Once a client understands that our financial system and our currency are rigged. Everything from currency to stocks to bonds and even real estate is artificially manipulated through corporate subsidies, intervention, bailouts, and interest rates. True diversification requires a position in physical gold and/or silver. There are many dealers selling gold out there. So how do you choose the right one? This decision is based not only on the transaction itself but also on the relationship going forward.
Some dealers offer gimmicks like “free gold or silver.” We have seen a number of these offers and find that the “free gold or silver” is priced into what the clients are paying for their investment. We have seen clients get $5,000 in free silver from a certain dealer, only to find out that they may have paid close to 100% over the market price for a $100,000 investment.
Other dealers advertise based on being the cheapest. The slogan is more or less
come to us because we have the lowest price. When it comes to a significant portion of our nest egg someone claiming to be the cheapest isn’t always the best option either. Let’s consider reliability, response time from my dealer, availability of my dealer, service with IRAs and RMDs, liquidation services, valuation services, and the quality and availability of their precious metal products. Not all “low price dealers” are toxic, but online buying solely based on price has brought up some red flags and concerns.
Online customer information has been hacked
In July of 2020 customers of one of the largest internet-based retailers were notified that there had been a data security breach that had been going on for five months. A malicious code was entered onto their website that captured customer names, addresses, and customer payment information. This type of cyber-attack is known as MageCart. The company in question overall seems to be very legitimate, but online buying in any industry could affect your personal information and privacy.
In a volatile market, slim margins can cause disaster
The Tulving Company had been selling precious metals online since 1995. Documents show that Tulving and his company accepted the customers’ payments but failed to deliver some of the merchandise. Instead, they diverted the customers’ payments to fulfill other customers’ orders, pay company debts, and return the money to previous customers who did not receive their merchandise. Coin dealers are required to deliver coins within 28 calendar days of receiving full payment.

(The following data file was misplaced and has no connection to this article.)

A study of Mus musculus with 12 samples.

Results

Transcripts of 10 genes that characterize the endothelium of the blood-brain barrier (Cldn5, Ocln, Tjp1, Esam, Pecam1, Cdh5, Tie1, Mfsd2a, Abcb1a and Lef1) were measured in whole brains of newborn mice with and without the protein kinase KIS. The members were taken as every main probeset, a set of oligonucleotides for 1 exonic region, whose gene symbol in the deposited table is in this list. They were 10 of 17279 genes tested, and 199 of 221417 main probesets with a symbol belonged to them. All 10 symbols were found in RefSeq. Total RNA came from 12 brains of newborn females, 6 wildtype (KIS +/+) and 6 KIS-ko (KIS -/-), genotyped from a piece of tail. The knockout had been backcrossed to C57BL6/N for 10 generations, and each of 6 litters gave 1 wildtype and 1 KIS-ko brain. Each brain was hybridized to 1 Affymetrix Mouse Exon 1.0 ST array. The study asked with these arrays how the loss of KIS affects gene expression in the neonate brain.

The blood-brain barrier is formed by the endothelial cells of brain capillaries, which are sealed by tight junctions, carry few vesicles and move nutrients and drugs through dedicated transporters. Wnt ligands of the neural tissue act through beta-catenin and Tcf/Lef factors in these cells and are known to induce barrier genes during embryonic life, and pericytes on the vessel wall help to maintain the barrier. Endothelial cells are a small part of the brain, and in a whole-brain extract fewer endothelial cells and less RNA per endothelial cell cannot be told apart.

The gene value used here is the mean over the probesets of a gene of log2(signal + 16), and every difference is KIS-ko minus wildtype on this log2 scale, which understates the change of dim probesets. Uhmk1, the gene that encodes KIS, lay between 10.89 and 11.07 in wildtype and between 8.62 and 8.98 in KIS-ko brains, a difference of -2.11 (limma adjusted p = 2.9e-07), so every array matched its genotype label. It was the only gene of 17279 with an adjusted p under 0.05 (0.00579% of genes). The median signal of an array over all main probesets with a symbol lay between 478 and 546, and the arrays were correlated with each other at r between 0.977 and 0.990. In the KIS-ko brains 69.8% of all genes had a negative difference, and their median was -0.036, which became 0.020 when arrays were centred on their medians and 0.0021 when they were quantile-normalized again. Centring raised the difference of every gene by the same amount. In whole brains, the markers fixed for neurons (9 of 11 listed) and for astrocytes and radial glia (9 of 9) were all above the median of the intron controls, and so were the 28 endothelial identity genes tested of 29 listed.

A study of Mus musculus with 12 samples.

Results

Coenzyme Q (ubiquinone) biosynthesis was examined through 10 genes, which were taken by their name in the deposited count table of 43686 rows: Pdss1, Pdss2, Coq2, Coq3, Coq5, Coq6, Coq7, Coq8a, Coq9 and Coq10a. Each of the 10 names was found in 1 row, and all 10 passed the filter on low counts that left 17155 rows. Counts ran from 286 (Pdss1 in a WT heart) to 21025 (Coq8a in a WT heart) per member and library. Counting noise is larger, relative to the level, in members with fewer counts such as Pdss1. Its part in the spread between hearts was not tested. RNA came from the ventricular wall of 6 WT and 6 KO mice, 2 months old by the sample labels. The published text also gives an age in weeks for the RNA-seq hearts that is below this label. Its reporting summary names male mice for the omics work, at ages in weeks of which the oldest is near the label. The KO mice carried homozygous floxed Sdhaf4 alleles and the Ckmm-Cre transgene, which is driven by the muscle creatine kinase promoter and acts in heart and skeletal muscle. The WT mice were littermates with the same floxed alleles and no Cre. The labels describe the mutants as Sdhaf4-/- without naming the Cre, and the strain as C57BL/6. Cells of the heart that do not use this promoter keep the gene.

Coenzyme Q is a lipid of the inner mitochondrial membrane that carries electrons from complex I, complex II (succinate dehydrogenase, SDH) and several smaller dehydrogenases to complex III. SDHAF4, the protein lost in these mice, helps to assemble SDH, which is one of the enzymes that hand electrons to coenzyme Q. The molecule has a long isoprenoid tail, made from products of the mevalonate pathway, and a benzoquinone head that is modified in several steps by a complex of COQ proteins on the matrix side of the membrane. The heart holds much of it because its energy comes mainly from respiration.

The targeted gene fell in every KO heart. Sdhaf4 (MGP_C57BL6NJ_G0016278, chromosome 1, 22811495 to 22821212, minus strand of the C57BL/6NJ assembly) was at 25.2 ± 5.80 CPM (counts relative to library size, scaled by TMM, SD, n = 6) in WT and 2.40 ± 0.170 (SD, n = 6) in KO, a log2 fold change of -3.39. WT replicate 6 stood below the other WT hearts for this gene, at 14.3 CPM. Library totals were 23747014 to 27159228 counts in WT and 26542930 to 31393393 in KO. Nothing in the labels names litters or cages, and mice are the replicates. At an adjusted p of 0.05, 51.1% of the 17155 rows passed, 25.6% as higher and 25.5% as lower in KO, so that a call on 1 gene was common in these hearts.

The lesson here is to be wary of buying coins online because of a so-called great price. If no-fee products sound too good to be true, they probably are. Tulving filed for bankruptcy in 2014, and millions of dollars of coins were never received by their customers. If due diligence was done, this fact had been talked about online for many months before the final shutdown.
Bullion Direct Inc another “low-price” dealer declared bankruptcy in 2015
Bullion Direct was a “low price” online bullion dealer from 1999 to 2015. The company had a real-time system for customers to place orders 24/7 called Nucleo. Looking at their website in 2014 the price of spot gold was $1,307.10 and Gold Eagles were being offered for sale at $1,356. The spread on that Gold Eagle is entirely too tight to account for availability at that price and the volatility in the markets.
It is unreasonable to acquire a physical asset where the company selling it makes hardly any money. Customers who get a fair deal have no problem understanding the risks. The price is important, but should not be the only reason you do business with someone.
Getting a fair deal, prompt delivery, and great service is more important than getting the lowest price. It costs money to get personal assistance for all of your questions and requests. The market is a living breathing entity. Swings in the market occur daily and some wiggle room has to be in the price. The dealer and the customer take on some of that risk.
Have you ever searched online for an item? You tell me based on what follows you around if it is digitally tracked. I searched recently for a refrigerator. I can’t tell you how many refrigerator ads and pop-ups I am still receiving. Anyone looking at my online tendencies knows my refrigerator is on the brink. Do you want the eyes on you to know you are buying gold? Do you really want to leave a paper trail when you transfer assets into gold online? Financial privacy and freedom are very important folks especially since we have so little of it left.
Clients also need to consider what full service means. Sometimes clients need to sell back coins and bullion. Some clients need assistance rolling over an old 401(k) or transferring an IRA into a Gold IRA. Midas Gold Group does not charge a fee for any of these additional services no matter how long you are a client. Yes, it costs some money to have the privilege of having a genuine tangible asset versus paper gold or a mutual fund. This cost can be reasonable and a move in gold or silver over the next few years can easily overcome this. The message is loud and clear. Do your due diligence and do business with a reputable gold dealer that you can talk to where there are no complaints about the delivery of coins or bad customer service reviews. Do business with a gold dealer that will be around for years to come to service all of your family’s needs.